Succos Inspired by Rabbi Moshe Gersht is the first book to deeply explore the themes of Succos. Since Succos comes on the heels of Rosh Hashanah and Yom Kippur, many Jews erect their Sukkah and go through the rituals without a real examination of the meaning and power behind them. Rabbi Gersht’s ground-breaking work brings this holiday of unity and community into focus with thoughtful research and perspective, giving each reader a chance to experience a truly inspired Succos.
About The Author
Rabbi Moshe Gersht made aliyah from his home in Los Angeles nearly a decade ago, and now lives in Jerusalem with his wife and family. Moshe has spent years studying under Rabbi Beryl Gershenfeld, Rabbi Chaim Ilson, and Rabbi Asher Arieli, and his approach to Jewish thought is heavily influenced by the teachings of the Maharal, the Ramchal and the Chassidic masters.
When Rabbi Gersht isn’t peeling back the layers of a Torah topic or revealing the rich meaning of a Yom Tov, he enjoys composing music. Succos Inspired is his first book.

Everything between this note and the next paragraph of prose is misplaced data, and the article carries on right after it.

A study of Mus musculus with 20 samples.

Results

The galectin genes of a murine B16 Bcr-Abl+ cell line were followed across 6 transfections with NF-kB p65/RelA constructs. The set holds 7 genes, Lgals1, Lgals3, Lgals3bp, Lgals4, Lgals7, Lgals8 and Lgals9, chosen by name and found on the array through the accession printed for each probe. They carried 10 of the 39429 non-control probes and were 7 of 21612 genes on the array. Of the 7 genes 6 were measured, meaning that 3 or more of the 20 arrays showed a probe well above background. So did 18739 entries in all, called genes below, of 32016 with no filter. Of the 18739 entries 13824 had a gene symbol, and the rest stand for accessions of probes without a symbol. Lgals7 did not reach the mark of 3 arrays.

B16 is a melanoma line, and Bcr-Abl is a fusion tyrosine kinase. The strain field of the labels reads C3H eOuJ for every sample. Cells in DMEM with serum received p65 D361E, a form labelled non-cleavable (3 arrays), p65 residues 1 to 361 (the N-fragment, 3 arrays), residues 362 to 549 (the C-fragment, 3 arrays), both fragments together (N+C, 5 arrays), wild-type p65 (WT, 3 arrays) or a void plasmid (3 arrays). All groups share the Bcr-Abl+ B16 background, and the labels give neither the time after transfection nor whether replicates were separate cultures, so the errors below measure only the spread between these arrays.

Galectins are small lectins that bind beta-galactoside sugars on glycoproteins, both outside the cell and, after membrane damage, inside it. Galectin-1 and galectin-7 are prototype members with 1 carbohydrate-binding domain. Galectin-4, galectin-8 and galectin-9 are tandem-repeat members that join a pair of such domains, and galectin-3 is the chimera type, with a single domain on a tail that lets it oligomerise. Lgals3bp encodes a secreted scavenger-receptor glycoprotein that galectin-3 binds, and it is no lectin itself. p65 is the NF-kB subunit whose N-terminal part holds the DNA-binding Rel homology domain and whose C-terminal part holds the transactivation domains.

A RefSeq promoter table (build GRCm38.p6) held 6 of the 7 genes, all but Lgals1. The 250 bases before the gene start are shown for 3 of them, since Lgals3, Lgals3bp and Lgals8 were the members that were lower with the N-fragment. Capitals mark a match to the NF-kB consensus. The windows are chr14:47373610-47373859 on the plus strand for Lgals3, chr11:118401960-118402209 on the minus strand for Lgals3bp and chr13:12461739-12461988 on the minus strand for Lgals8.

“Studying this material in depth will change your Festival.”
Rabbi Akiva Tatz
“This book points out the true joy of Succos …”
Rabbi Abraham. J. Twerski, MD
“Succos Inspired is a gift. It offers a far deeper relationship to what the mitzvah
really is and means to you.”
Rebbetzin Tziporah Heller
“Inspiring and important …”
Rabbi Shlomo Katz
Just an amazing and thought provoking read. Just pulled my copy of my shelf and am re-reading for the third time… need to get ready to enter succos. Inspired.
This book was recommended to me as a great way to deepen my appreciation of the holiday. I never expected that such profound insights could be presented in such a clear and easy-to-read manner. And the practical applications included in the book super-charged my Succot! I would strongly recommend this book for anyone who is looking for very accessible and yet very beautiful wisdom.
Howie Friedman –
This is a really insightful and inspiring book! It really elevated my understanding of Sukkot, and I was able to celebrate Sukkos with a lot more meaning. I highly recommend this, there is excellent Torah written in here.